Spatially and temporally resolved ice loss in High Mountain Asia and the Gulf of Alaska observed by CryoSat-2 swath altimetry between 2010 and 2019 - INSU - Institut national des sciences de l'Univers Access content directly
Journal Articles The Cryosphere Year : 2021

Spatially and temporally resolved ice loss in High Mountain Asia and the Gulf of Alaska observed by CryoSat-2 swath altimetry between 2010 and 2019

Livia Jakob
  • Function : Author
Martin Ewart
  • Function : Author
Stephen Plummer
  • Function : Author

Abstract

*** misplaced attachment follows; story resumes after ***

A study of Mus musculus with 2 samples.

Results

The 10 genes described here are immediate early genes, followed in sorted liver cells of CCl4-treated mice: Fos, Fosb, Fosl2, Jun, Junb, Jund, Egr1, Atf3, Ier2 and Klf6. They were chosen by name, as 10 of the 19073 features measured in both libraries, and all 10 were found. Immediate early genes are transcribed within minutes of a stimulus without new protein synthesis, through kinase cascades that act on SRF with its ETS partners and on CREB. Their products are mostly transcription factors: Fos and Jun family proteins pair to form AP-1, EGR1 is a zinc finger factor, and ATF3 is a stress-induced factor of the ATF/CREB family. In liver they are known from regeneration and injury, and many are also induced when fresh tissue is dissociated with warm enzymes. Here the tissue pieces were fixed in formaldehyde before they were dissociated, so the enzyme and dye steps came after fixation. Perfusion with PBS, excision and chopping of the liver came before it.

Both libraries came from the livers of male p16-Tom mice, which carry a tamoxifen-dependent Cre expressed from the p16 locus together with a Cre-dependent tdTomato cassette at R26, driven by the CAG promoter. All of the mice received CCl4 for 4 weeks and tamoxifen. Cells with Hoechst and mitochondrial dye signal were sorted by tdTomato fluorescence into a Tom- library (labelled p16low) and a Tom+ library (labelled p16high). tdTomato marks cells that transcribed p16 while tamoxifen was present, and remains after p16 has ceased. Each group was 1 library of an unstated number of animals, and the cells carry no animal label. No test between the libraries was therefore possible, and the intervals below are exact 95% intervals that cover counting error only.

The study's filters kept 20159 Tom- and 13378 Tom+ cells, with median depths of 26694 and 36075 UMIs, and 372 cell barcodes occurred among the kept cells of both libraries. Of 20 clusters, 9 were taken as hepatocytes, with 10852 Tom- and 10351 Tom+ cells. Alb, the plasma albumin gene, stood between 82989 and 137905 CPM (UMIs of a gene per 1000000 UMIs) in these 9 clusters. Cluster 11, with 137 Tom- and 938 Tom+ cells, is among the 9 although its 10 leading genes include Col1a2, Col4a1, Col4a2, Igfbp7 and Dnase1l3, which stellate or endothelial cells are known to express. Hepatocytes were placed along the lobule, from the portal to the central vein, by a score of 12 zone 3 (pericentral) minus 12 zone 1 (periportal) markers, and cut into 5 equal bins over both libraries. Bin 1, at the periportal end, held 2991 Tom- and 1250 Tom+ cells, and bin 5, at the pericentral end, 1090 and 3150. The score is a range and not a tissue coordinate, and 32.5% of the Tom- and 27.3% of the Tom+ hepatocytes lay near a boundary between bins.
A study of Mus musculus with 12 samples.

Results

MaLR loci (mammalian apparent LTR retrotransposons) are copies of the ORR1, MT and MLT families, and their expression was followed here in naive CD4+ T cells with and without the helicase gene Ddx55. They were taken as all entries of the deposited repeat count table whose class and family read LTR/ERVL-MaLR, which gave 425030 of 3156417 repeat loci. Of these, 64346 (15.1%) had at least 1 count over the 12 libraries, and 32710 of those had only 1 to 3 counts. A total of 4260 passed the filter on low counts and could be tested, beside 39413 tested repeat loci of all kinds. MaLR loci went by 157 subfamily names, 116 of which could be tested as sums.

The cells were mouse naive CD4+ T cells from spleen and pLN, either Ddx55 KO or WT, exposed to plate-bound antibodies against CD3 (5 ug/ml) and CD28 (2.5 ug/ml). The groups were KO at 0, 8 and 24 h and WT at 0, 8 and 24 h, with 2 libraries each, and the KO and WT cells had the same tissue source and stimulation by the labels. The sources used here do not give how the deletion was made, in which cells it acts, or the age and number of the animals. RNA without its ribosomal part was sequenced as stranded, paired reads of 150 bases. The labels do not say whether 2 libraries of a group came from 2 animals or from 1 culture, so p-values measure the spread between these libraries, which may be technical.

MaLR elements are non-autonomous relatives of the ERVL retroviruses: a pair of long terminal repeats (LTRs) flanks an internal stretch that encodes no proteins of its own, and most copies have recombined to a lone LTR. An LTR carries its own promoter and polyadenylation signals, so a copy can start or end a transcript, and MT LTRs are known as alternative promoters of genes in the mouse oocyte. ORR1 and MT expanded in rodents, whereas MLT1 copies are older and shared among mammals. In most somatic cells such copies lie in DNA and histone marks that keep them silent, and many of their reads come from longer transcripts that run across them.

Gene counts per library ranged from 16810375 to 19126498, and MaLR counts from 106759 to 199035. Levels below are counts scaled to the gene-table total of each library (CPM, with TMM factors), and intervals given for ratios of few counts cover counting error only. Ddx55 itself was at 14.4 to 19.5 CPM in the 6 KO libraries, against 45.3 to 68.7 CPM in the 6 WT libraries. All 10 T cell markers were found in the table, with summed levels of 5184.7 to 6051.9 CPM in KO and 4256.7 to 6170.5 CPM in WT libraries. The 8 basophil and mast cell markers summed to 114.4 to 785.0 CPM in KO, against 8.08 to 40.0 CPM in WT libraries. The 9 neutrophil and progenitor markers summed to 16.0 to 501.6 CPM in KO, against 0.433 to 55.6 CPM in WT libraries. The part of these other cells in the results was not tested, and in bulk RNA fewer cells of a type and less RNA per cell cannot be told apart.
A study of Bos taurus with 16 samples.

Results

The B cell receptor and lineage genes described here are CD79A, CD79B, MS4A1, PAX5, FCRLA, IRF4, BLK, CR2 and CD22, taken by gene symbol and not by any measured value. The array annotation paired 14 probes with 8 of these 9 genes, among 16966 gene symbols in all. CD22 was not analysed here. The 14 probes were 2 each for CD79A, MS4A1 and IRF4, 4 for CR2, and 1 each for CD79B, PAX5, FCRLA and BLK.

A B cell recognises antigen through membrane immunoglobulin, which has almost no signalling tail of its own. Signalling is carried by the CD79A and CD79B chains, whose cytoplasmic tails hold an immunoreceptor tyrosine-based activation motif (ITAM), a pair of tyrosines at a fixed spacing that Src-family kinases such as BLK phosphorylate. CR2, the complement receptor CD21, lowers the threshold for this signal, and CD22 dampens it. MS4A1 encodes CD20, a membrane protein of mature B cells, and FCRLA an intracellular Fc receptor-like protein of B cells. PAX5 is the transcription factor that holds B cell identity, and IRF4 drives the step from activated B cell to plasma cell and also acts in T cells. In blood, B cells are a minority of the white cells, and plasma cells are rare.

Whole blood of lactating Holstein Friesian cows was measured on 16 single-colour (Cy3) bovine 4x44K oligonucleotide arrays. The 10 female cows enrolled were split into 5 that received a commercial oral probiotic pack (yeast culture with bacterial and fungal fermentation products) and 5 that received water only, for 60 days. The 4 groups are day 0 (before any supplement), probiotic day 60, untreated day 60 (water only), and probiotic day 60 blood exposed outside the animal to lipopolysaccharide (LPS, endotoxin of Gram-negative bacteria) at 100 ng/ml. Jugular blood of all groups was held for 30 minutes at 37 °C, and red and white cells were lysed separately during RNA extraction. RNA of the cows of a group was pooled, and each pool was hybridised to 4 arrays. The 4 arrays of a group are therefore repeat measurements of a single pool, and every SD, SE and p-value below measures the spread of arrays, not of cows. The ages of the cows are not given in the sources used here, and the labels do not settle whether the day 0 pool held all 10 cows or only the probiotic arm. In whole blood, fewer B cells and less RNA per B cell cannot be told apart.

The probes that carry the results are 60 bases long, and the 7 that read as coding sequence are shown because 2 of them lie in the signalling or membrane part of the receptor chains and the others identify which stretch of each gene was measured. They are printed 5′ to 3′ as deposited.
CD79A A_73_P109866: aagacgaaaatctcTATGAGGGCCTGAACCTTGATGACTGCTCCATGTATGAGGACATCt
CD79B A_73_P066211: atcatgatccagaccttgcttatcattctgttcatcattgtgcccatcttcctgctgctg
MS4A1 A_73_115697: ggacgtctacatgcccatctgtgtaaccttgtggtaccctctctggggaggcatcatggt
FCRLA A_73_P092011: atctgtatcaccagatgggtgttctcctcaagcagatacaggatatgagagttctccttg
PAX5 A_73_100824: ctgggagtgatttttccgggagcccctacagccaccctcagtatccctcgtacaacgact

Glaciers are currently the largest contributor to sea level rise after ocean thermal expansion, contributing ∼ 30 % to the sea level budget. Global monitoring of these regions remains a challenging task since global estimates rely on a variety of observations and models to achieve the required spatial and temporal coverage, and significant differences remain between current estimates. Here we report the first application of a novel approach to retrieve spatially resolved elevation and mass change from radar altimetry over entire mountain glaciers areas. We apply interferometric swath altimetry to CryoSat-2 data acquired between 2010 and 2019 over High Mountain Asia (HMA) and in the Gulf of Alaska (GoA). In addition, we exploit CryoSat's monthly temporal repeat to reveal seasonal and multiannual variation in rates of glaciers' thinning at unprecedented spatial detail. We find that during this period, HMA and GoA have lost an average of −28.0 ± 3.0 Gt yr−1 (−0.29 ± 0.03 m w.e. yr−1) and −76.3 ± 5.7 Gt yr−1 (−0.89 ± 0.07 m w.e. yr−1), respectively, corresponding to a contribution to sea level rise of 0.078 ± 0.008 mm yr−1 (0.051 ± 0.006 mm yr−1 from exorheic basins) and 0.211 ± 0.016 mm yr−1. The cumulative loss during the 9-year period is equivalent to 4.2 % and 4.3 % of the ice volume, respectively, for HMA and GoA. Glacier thinning is ubiquitous except for in the Karakoram-Kunlun region, which experiences stable or slightly positive mass balance. In the GoA region, the intensity of thinning varies spatially and temporally, with acceleration of mass loss from −0.06 ± 0.33 to −1.1 ± 0.06 m yr−1 from 2013, which correlates with the strength of the Pacific Decadal Oscillation. In HMA ice loss is sustained until 2015-2016, with a slight decrease in mass loss from 2016, with some evidence of mass gain locally from 2016-2017 onwards.